The LG Optimus L5 is the perfect Android phone for someone who wants style on a budget. Unfortunately, it hasn’t got much else going for it.
The body of the Optimus L5 doesn’t look cheap – actually, it kind of looks like a Samsung Galaxy S, with its rectangular button in the middle. The front and sides of the device are glass and plastic painted to look like metal, and it has a plastic cover on the back that has been painted in such a way that it’s kind of glossy and doesn’t look cheap. Until you turn the screen on, you might think that the L5 was a far more expensive phone.
LG have clearly gone for style over substance, because the 4-inch display seems nice on the surface, but it’s very low resultion for its size at 320 by 480 pixels. The colours are a little washed out, especially reds and pinks. The text smoothing could also be improved, as you’ll suffer a bit of eye-strain if you try to read on it for longer than a couple of minutes.
The LG Optimus L5 has an 800MHz processor, which should be fast enough for the phone to run smoothly when doing day-to-day tasks like web browsing and posting a status update – in theory. The fact that it’s running Android 4.0 (Ice Cream Sandwich) should make it responsive and snappy, too. Sadly, that’s not the case – the Optimus L5 would frequently lag while I was doing something as simple as typing a text message. It was frustrating, and at times made me want to switch my SIM back into my regular phone and toss the L5 out the nearest window.
On the plus side, the battery life for the L5 is very good. It would last me three to four days with regular use, and I text, call, web browse over Wi-Fi – the whole shebang. When the 1500mAh battery was run completely flat, however, it was dead flat – I couldn’t turn the phone on at all until I’d left it on the charger for a while. And when it’s dead flat and you charge it, it doesn’t show you how much the phone has charged, but instead just flashes the LG logo on the screen. Once you’ve had it charging for a little while, you have to unplug the charger before you can turn the phone on, then plug it in again so it’ll charge the rest of the way. All in all, getting the phone powered up is a total hassle.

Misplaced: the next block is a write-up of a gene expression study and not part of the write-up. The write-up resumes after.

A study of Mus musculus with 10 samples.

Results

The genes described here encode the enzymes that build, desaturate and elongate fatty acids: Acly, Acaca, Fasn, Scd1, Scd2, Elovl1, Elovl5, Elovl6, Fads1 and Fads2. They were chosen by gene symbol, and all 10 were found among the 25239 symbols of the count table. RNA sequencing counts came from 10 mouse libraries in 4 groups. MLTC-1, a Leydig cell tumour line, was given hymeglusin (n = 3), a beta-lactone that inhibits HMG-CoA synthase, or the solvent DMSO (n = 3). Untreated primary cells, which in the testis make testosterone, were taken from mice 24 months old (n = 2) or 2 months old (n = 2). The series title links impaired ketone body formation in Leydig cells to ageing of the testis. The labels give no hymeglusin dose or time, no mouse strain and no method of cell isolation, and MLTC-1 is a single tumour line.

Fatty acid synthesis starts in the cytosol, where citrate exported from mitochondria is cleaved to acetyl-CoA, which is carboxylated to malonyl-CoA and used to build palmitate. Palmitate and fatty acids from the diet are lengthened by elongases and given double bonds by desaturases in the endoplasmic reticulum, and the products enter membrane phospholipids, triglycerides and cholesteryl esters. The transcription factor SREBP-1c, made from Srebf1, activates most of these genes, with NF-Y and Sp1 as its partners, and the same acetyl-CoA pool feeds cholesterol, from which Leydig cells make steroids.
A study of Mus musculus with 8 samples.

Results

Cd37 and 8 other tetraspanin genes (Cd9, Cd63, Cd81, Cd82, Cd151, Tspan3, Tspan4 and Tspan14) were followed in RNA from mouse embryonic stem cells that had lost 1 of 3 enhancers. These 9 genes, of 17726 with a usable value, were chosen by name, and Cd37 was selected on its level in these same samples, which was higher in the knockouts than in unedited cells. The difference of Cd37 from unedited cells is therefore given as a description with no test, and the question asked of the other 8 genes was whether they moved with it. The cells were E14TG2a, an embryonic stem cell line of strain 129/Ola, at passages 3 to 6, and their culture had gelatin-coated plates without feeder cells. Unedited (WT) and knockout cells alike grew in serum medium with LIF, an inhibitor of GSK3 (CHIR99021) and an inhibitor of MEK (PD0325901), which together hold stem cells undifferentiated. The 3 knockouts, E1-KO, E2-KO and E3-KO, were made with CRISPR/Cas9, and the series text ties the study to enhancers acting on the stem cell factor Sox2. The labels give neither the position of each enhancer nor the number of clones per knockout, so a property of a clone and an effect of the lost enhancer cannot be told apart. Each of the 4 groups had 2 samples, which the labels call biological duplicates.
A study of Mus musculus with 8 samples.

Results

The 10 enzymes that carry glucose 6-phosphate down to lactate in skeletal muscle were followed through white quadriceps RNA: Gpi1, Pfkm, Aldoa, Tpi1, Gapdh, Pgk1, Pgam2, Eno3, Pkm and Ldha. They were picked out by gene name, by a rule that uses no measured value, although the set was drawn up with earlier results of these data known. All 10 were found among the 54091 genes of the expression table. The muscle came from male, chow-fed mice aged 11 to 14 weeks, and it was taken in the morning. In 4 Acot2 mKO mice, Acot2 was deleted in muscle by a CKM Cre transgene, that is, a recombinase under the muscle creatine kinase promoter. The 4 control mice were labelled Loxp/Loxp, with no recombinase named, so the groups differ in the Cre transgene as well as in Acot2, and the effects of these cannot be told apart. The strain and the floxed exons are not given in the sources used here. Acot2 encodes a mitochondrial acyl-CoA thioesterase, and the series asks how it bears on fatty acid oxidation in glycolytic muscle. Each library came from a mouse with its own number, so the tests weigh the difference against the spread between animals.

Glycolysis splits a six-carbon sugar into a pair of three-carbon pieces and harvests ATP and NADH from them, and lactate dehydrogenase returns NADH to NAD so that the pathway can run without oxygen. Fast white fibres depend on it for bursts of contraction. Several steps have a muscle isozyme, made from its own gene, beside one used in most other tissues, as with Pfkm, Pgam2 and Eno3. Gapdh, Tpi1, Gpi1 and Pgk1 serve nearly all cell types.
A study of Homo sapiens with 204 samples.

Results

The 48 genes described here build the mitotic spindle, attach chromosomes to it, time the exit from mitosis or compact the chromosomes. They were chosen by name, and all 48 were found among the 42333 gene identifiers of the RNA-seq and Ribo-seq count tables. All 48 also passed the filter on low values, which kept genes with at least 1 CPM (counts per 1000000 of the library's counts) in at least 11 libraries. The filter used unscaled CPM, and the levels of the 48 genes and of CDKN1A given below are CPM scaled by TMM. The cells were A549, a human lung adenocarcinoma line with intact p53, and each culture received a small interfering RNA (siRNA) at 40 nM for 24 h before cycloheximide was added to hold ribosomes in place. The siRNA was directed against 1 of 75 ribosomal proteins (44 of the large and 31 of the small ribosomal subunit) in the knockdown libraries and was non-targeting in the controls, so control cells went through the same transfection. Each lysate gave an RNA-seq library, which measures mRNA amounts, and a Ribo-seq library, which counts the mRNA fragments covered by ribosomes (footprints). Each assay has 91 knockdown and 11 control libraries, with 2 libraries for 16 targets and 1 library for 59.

There is one feature of the L5 has that might make it worth considering, particularly for those folks living in Wellington who use public transport frequently. It has near-field commuications technology that’s supported by Snapper and 2degrees’ Touch2Pay service. That means if you get a Touch2Pay SIM card from 2degrees, you can use your phone for mobile payment – just swipe your phone on the Snapper/Hop sensor on your bus, or in your local convenience store, and you’ve paid. The L5 is not the only phone on the market here that’s capable of Touch2Pay, though.
For those who don’t want or need Snapper, there are pretty much only two reasons to buy the L5. It’s cheap – although not cheap enough – and it’s nice to look at. It might be a good choice for your teenager, but if you want more than looks from your phone, look elsewhere.